Do Young Professionals Need Disability Insurance?
When young professionals enter the workforce, they are faced with financial obstacles that leave little time to learn about insurance. However, when young adults choose to skip insurance coverage they don’t think they need or don’t understand, they may be financially unprepared if the unthinkable happens. This is why it’s important to contact one of our Boston disability lawyers to receive help today.
This is especially true when it comes to disability insurance, which should be a necessity for young professionals. Here are three reasons why.
1. Disability can happen at any age.
Many young Americans disregard disability insurance because of their age and health. However, disability does not discriminate; anyone, at any age, can suffer a disabling illness or injury.
According to the Social Security Administration, one in four of today’s 20-year-olds will become disabled before they retire. The leading causes of disability often differ from a millennial’s perceptions, which may further deter them from buying disability insurance.
According to Council for Disability Awareness 2014 Long-Term Disability Claims Review, the following were the five leading causes of new disability claims in 2013:
- Musculoskeletal/connective tissue disorders (28.6%) *
- Cancer (15.1%)
- Injuries and poisoning (10.6%)
- Cardiovascular/circulatory disorders (8.7%)
- Mental disorders (8.3%)
* This category includes claims caused by neck and back pain; joint, muscle and tendon disorders; foot, ankle and hand disorders, etc.
2. You can’t count on Social Security.
Many Americans – regardless of age – believe Social Security disability benefits will offer them sufficient coverage for their basic expenses. However, SSDI benefits are surprisingly modest, as they are intended to help you meet basic living needs, not replace all of your list income.
Social Security paid an average monthly disability benefit of $1,166 at the beginning of 2016, a figure that is barely enough to keep a beneficiary above the 2015 poverty level.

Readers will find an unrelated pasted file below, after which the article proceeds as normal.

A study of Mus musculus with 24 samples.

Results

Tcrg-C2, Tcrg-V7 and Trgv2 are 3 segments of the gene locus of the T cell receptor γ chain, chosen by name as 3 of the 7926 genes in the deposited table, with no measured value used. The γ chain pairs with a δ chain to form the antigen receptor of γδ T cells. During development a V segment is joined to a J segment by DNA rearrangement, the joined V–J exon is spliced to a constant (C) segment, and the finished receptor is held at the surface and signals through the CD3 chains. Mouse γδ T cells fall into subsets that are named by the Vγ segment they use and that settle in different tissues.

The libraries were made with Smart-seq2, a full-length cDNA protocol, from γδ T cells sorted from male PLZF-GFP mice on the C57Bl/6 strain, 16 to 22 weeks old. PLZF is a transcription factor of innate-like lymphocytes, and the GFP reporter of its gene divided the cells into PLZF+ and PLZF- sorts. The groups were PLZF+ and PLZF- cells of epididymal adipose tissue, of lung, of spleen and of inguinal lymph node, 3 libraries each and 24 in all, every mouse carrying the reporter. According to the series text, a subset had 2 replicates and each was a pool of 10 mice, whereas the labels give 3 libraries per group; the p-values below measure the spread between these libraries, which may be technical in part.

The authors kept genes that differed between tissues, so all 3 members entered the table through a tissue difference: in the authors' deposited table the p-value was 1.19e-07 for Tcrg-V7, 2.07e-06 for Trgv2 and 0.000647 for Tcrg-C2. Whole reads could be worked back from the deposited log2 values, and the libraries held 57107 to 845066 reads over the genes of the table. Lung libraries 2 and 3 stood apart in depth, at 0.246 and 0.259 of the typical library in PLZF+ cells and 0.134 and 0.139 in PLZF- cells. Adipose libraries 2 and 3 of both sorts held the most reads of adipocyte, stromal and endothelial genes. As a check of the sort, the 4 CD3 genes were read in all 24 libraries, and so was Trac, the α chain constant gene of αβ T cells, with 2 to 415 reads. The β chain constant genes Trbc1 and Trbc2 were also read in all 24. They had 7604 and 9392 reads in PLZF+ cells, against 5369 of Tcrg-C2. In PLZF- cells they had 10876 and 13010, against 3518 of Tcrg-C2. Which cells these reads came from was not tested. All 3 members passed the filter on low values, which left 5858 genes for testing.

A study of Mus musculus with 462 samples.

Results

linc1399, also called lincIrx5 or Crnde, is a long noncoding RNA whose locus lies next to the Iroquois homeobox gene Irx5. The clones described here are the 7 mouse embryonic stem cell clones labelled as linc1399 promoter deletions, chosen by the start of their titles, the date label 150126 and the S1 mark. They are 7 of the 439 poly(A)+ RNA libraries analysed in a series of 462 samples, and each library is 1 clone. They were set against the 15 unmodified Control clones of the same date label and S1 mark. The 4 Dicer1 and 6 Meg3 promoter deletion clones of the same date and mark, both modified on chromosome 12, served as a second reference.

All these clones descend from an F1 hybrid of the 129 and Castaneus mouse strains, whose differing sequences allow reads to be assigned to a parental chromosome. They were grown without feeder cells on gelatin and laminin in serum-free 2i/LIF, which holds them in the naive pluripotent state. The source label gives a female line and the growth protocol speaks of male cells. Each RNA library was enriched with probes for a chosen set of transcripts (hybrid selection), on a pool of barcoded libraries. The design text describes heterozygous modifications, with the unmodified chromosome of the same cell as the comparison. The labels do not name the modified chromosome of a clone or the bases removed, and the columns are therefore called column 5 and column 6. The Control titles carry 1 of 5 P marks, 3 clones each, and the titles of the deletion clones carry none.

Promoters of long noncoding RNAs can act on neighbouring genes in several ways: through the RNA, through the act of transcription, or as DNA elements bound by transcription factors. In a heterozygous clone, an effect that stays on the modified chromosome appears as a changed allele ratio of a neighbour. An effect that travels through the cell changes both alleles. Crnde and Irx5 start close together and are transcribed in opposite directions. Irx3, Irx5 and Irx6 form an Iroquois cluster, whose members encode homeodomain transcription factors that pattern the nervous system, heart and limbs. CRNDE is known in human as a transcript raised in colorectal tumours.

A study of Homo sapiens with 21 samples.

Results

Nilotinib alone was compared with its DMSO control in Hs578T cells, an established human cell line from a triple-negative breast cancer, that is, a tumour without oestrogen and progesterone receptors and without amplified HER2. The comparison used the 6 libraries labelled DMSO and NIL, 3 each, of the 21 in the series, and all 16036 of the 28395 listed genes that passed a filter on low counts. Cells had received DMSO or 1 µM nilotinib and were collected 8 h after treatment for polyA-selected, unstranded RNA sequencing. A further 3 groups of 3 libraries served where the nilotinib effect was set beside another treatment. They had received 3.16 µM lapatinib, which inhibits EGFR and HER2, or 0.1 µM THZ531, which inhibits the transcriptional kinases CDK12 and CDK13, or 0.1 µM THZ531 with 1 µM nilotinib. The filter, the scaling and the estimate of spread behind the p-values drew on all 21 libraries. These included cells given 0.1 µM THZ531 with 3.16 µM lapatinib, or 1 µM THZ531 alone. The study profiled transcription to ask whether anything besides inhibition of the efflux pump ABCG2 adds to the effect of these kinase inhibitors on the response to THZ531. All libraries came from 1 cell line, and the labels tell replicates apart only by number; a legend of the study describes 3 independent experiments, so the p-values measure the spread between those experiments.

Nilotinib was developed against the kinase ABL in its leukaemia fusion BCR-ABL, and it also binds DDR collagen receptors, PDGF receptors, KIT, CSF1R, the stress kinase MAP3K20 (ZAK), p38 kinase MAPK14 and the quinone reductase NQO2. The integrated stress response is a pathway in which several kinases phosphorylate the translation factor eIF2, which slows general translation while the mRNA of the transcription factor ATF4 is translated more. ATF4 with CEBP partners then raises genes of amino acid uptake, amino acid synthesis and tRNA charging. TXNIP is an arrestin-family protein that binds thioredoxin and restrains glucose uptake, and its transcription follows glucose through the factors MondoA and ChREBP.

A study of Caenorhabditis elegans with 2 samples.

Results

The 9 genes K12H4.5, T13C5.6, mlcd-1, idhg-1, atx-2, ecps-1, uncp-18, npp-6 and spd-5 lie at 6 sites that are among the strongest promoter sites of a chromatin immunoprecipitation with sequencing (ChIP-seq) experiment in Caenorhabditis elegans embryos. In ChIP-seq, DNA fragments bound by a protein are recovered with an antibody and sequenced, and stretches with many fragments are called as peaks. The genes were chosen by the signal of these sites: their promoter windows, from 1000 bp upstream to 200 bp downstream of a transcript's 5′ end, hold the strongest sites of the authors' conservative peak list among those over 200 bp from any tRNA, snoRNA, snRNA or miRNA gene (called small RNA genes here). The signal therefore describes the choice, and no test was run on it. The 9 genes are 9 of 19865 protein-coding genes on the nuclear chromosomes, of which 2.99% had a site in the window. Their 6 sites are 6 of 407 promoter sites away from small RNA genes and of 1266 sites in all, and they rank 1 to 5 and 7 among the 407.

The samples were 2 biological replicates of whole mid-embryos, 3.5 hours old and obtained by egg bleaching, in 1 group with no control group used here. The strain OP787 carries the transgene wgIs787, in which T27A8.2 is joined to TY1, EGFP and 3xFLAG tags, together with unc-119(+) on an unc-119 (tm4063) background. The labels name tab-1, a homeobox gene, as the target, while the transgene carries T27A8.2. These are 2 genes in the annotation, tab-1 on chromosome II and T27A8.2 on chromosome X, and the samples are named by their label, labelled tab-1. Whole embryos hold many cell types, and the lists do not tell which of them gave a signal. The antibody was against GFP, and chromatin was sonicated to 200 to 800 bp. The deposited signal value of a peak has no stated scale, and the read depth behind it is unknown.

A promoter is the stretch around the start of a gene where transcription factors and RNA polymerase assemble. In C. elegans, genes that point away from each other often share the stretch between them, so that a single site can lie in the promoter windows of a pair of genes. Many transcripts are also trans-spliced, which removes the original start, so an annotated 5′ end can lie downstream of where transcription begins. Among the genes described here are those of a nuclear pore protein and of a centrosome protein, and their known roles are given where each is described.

The Bureau of Labor Statistics also reports that a typical millennial earning the median U.S. wage would lose $2,419 per month if SSDI was their only source of income.
Age also plays a significant role in who qualifies for SSDI benefits, and young adults are not at the top of the list.
3. It’s more expensive to forgo disability insurance.
According to the Council for Disability Awareness, 35 percent of young adults in America find it difficult to cover their expenses every month or live paycheck to paycheck.
When young professionals are struggling to make ends meet, products like disability insurance are considered unnecessary expenses.
However, the cost of a disability insurance policy pales in comparison to the financial effects of a disabling illness or injury, especially if the you do not have a monetary safety net.
Having income protection does not have to be costly; on average, the annual premium amounts to approximately one to three percent of your yearly income. The true cost depends on the features and type of benefits you choose. If you’re a healthy twenty-something, you may find it easier and cheaper to secure modest disability coverage.
Many employers offer group disability insurance plans, which are typically cheaper and easier to qualify for than privately purchased individual disability coverage. While these policies have their drawbacks – including more limitations and taxable benefits – they are popular among working Americans.
A group long-term disability insurance policy is a valuable benefit for a cash-strapped millennial, as some coverage is better than none at all.
However, for budding professionals who switch jobs frequently, an individual disability insurance policy may be a better option.
Individual disability insurance policies have fewer limitations than group policies, provide income tax-free benefits, and can travel with you when you change jobs. While they may require a medical exam upon application, this is less of a concern for healthy young adults than for older working professionals.
For more information
To learn more about long-term disability insurance options, check out our Disability Insurance 101 podcast episode.